The “old, white men” problem has been rolling down crooked rails for a long time now, driven by progressive feminist radicals. In newsrooms in the 1990s, I regularly heard how a City Council or County Commission or group of Legislators were just a bunch of “old, white men” invariably from female reporters.
“White males” have long been the target of the left and their media allies in the now fully formed and mainstreamed identity politics of diversity. And now the last element has been demonstrated clearly in no less a publication than the Wall Street Journal.
WSJ Headline: “CEOs Under 50 Are a Rare Find in the S&P 500”
(Common sense: Right, because it takes a long time and experience and proof over decades to show you can run a major company.)
Drophead: “The number of S&P 500 CEOs in their 40s has declined in the past decade, leaving Gen X relatively underrepresented among corporate leaders”
(Common sense: Gen X always will be “underrepresented” because they are a particularly small generation. Duh. To the bigger point, the Greatest Generation and Gen Z are also “underrepresented.” So what? Who gives a flip?)
It’s hard to get past the vacuous headline and drophead, but doing so reveals even more of the head-shaking, worship of PC diversity, as though it is some sort of magical wand and inalienable right rolled into one. Why the Journal is doing this story is a mystery.
From the story:
At America’s largest companies, chief executives under 50 are still a relative rarity. A Wall Street Journal analysis of S&P 500 companies that filed corporate proxy statements by May 1 shows 28 of 493 CEOs, or 6%, are under 50.
While corporate-governance experts have pushed companies to appoint more diverse — and, at times, younger — directors to boards, the leaders of big companies largely remain baby boomers. The median age of a chief executive in the S&P 500 is 58, the Journal analysis of proxy data from MyLogIQ shows.
Perhaps “corporate-governance experts” — which sounds a lot like the grievance police — didn’t take math in school. The baby boomer generation is the largest generation in the nation’s history and, and, it is in its peak earning and leadership years. Of course it will be “overrepresented” (a clever little term used to determine future diversity grievance remonstrances.) Baby boomers will also be overrepresented on Social Security and Medicare. They have also been overrepresented among people paying taxes.
Do these reporters actually understand the job that a CEO does? Perhaps they picture them sitting in big corner offices, drinking cognac and smoking stogies, going for three-hour lunches and just making a few decisions with a wave of big, fat, white male fingers while everyone else actually does the work.
They sure don’t seem to understand that to be a good CEO at a mammoth firm, you need years of experience climbing the ladder so that you will understand all the rungs of the ladder and understand how to operate a giant organization. And, with few exceptions, that only happens with time. Lots of time. And lots and lots of hours and sacrifice.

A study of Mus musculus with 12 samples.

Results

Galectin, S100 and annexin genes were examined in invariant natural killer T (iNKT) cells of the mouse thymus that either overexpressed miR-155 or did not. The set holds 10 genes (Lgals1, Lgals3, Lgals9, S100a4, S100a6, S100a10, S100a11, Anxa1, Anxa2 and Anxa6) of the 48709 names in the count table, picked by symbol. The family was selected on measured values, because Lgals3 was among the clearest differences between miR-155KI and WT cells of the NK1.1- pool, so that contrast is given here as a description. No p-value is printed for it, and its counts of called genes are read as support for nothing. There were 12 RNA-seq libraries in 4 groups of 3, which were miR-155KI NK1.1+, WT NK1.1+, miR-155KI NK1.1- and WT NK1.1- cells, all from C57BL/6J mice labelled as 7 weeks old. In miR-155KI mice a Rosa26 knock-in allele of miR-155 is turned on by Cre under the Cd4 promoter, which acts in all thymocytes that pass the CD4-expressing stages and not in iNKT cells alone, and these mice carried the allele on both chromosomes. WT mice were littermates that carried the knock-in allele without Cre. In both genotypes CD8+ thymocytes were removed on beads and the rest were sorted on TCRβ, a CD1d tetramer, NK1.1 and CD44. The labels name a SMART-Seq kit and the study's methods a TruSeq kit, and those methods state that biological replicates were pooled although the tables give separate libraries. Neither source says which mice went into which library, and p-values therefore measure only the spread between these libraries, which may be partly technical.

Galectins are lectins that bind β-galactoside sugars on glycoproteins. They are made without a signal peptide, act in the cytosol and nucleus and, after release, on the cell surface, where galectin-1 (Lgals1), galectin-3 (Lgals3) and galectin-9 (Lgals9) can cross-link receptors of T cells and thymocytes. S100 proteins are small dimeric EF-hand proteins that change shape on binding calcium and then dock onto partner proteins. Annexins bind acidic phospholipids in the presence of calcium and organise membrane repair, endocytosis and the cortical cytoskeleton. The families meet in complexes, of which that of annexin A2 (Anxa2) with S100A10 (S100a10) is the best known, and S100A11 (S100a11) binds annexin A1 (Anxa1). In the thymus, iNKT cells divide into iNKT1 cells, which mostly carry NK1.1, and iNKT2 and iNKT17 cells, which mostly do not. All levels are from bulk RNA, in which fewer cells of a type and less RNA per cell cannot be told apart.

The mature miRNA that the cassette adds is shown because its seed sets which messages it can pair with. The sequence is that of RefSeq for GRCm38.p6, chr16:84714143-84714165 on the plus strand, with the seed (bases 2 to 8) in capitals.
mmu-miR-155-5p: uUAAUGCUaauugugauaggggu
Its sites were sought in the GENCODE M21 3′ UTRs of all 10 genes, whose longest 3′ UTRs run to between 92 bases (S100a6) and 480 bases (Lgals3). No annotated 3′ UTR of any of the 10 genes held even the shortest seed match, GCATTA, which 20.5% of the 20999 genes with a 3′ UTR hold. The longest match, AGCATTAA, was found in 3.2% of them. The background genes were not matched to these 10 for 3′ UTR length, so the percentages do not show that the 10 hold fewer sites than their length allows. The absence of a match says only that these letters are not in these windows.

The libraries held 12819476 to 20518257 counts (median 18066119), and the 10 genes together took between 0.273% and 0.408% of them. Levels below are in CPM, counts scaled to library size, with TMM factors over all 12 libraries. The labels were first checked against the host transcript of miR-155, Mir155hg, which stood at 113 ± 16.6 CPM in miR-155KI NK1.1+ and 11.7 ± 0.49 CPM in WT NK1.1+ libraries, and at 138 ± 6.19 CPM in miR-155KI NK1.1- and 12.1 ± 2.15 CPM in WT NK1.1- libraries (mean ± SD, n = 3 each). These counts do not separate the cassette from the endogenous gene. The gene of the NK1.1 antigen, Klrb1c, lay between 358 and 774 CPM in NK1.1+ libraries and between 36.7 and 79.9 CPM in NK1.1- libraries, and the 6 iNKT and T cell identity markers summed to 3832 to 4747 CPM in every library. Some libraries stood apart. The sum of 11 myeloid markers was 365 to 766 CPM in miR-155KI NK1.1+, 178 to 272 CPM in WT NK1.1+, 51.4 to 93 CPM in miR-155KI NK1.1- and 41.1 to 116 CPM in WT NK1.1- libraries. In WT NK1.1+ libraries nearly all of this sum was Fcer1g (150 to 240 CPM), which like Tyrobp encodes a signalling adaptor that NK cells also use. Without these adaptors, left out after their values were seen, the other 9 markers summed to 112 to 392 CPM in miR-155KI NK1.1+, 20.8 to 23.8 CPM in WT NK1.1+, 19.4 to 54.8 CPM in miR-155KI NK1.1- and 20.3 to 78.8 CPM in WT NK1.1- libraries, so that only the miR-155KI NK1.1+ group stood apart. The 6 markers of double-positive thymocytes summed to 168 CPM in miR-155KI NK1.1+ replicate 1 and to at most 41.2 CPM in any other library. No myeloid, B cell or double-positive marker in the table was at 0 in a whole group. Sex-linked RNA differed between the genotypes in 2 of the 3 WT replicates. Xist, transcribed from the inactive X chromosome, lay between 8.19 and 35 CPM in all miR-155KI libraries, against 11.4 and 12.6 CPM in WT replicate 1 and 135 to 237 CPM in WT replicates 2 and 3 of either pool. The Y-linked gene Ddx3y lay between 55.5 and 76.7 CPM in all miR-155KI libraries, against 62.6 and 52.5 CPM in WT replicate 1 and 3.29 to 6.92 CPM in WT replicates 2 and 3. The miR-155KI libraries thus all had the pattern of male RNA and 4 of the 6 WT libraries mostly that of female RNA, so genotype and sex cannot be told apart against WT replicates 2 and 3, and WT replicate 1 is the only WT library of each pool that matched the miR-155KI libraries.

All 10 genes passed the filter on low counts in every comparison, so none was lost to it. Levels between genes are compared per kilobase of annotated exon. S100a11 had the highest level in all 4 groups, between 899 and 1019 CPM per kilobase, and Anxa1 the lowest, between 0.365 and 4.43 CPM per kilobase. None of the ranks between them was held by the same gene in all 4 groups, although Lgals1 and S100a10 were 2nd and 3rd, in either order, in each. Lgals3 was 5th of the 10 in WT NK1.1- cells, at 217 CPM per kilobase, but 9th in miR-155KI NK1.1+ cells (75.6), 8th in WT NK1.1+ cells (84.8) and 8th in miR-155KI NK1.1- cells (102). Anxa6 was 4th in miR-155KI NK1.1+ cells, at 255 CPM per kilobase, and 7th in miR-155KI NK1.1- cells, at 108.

Oddly enough, nearly everyone quoted in the story understands this.
For instance, here:
Many corporations pick older CEOs because those executives are seen as battle-tested, while younger executives are still considered a bit of a risk, said Charles Elson, director of the Weinberg Center for Corporate Governance at the University of Delaware.
“There is something to be said for managerial experience, and you gain that through a long time of putting in the hours,” Mr. Elson said.
And again here:
Executives in fast-changing fields like real estate say there can be value in having seen multiple economic cycles. Joseph Margolis, the 58-year-old chief executive of Extra Space Storage Inc., compares running a company with the 10,000 hours of mastery popularized by Malcolm Gladwell, author of the book “Outliers,” who suggests that those who excel in their fields typically put in that amount of practice.
“It’s a big bet to choose a CEO, and there’s a lot at stake,” Mr. Margolis said. “It’s frequently an easier choice to pick someone who’s had a little more experience.”
So where is this coming from? Why is it a big deal that most CEOs are over 50, which makes all the sense in the world? The Journal spells it out:
Any change in the ranks of CEOs would be prompted by corporate boards, because directors select who sits in the corner office. Organizations like the California State Teachers’ Retirement Systems (which invests billions and acts as activist investors) are pushing companies to bring directors with fresh perspective to boards. Still, the job requirements of a CEO are different than those of a director, and it “takes time to get to the C-level,” said Aeisha Mastagni, a portfolio manager at Calstrs.
And there it is.
Of course there are always the leftist activists to stir things up and used diversity as a cudgel. One, among many in this case, is the California teachers’ retirement system, which is an arm of the state of California. California, you may recall, passed a law requiring publicly held companies based in California to have at least one woman on their boards of directors by the end of 2019. By the end of July 2021, companies must have at least two women on boards of five members and at least three women on boards with six or more.
Surely they will require minorities next. And eventually, there will be age requirements, too.
So it all connects. Diversity is king. Merit is meh. Old white males…well, they’re problematic.
Rod Thomson is an author, past Salem radio host, ABC TV commentator, former journalist and is Founder of The Revolutionary Act.